Antibodies, also known as immunoglobulins (Ig), are large Y-shaped proteins produced and used by the immune system to identify specific biomolecules, called antigens. The recognition between an antibody and an antigen is usually described as a lock-key mechanism: the paratope (analogous to a lock) on each tip of the “Y” of an antibody precisely binds to one particular epitope (analogous to a key). The degree to which an antibody's binding site will interact with an antigen is called its affinity.

In bioassays, antibodies are traditionally divided into two classes, primary and secondary, based on whether they directly bind to antigens or not. Primary antibodies directly bind to the biomolecule of interest. They can be monoclonal, targeting a specific antigen, or polyclonal, targeting several antigens. Secondary antibodies, on the other hand, bind to another (primary) antibody, which is bound to a target, or an antigen.

Primary antibodies can be very useful for the detection of biomarkers for diseases such as cancer, diabetes, Parkinson's and Alzheimer's disease. With the aid of secondary antibodies, which are usually conjugated to a fluorophore or reporter enzyme, primary antibodies can be used for quantification of a target. Wide applications of primary and secondary antibodies have been found in Western blotting, flow cytometry and ELISA.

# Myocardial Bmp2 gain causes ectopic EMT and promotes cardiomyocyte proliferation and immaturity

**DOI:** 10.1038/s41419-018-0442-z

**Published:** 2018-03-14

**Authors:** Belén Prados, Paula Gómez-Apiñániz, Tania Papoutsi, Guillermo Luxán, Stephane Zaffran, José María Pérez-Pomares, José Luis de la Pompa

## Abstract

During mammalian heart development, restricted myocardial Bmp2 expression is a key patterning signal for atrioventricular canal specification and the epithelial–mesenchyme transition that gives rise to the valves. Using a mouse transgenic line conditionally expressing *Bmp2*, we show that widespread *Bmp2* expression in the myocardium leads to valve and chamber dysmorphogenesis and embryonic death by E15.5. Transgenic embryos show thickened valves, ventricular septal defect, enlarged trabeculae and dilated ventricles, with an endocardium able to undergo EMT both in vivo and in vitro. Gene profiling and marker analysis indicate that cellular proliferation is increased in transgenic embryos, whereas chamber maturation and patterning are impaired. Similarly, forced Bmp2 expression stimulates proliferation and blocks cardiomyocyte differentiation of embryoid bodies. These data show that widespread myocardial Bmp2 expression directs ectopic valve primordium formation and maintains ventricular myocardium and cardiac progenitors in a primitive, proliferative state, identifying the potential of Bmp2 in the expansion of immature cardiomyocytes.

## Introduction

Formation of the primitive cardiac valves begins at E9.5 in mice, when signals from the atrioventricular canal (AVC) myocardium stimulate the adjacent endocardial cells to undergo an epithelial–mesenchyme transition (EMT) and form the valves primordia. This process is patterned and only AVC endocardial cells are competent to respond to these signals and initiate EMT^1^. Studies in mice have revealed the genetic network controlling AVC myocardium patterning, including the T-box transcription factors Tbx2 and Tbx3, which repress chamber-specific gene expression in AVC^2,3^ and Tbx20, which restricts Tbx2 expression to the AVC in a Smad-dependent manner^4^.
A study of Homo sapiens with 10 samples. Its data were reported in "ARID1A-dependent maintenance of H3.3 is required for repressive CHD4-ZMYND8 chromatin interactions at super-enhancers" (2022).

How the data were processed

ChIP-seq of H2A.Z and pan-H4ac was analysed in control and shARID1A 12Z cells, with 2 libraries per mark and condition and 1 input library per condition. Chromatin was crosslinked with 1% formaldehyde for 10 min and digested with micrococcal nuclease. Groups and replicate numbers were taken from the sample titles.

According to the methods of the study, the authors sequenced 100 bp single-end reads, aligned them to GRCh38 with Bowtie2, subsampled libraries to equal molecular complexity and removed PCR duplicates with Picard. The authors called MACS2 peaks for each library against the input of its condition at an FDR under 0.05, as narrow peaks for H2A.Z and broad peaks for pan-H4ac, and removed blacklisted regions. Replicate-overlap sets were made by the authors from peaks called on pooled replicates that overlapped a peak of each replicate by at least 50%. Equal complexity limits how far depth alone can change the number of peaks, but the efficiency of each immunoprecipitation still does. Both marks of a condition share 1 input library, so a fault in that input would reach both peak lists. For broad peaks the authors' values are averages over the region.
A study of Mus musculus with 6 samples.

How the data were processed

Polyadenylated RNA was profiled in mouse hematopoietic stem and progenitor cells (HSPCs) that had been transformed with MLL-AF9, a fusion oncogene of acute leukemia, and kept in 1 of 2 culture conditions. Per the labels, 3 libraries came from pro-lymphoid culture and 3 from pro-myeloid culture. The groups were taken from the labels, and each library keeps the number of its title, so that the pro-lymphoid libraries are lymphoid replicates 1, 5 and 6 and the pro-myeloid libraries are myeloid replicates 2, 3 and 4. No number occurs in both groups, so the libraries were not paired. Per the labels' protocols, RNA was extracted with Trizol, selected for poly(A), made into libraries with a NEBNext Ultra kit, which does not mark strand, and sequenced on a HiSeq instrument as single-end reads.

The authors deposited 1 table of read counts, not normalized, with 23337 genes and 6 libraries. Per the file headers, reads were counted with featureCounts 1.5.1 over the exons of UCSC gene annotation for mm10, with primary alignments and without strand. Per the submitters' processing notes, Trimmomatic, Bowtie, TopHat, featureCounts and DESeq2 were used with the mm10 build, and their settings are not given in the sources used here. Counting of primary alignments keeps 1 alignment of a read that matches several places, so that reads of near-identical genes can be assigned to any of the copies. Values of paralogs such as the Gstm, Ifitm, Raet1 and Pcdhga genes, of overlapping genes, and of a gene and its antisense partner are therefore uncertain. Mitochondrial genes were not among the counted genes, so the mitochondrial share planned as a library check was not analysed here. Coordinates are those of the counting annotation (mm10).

Antibodies have become a versatile and invaluable research tool in various scientific fields from cancer research to neuroscience and cell signaling pathways. Here at AAT Bioquest, affinity and purity are the focal points of our antibody development, producing antibody reagents in various formats that are of optimal quality, target specificity and flexibility.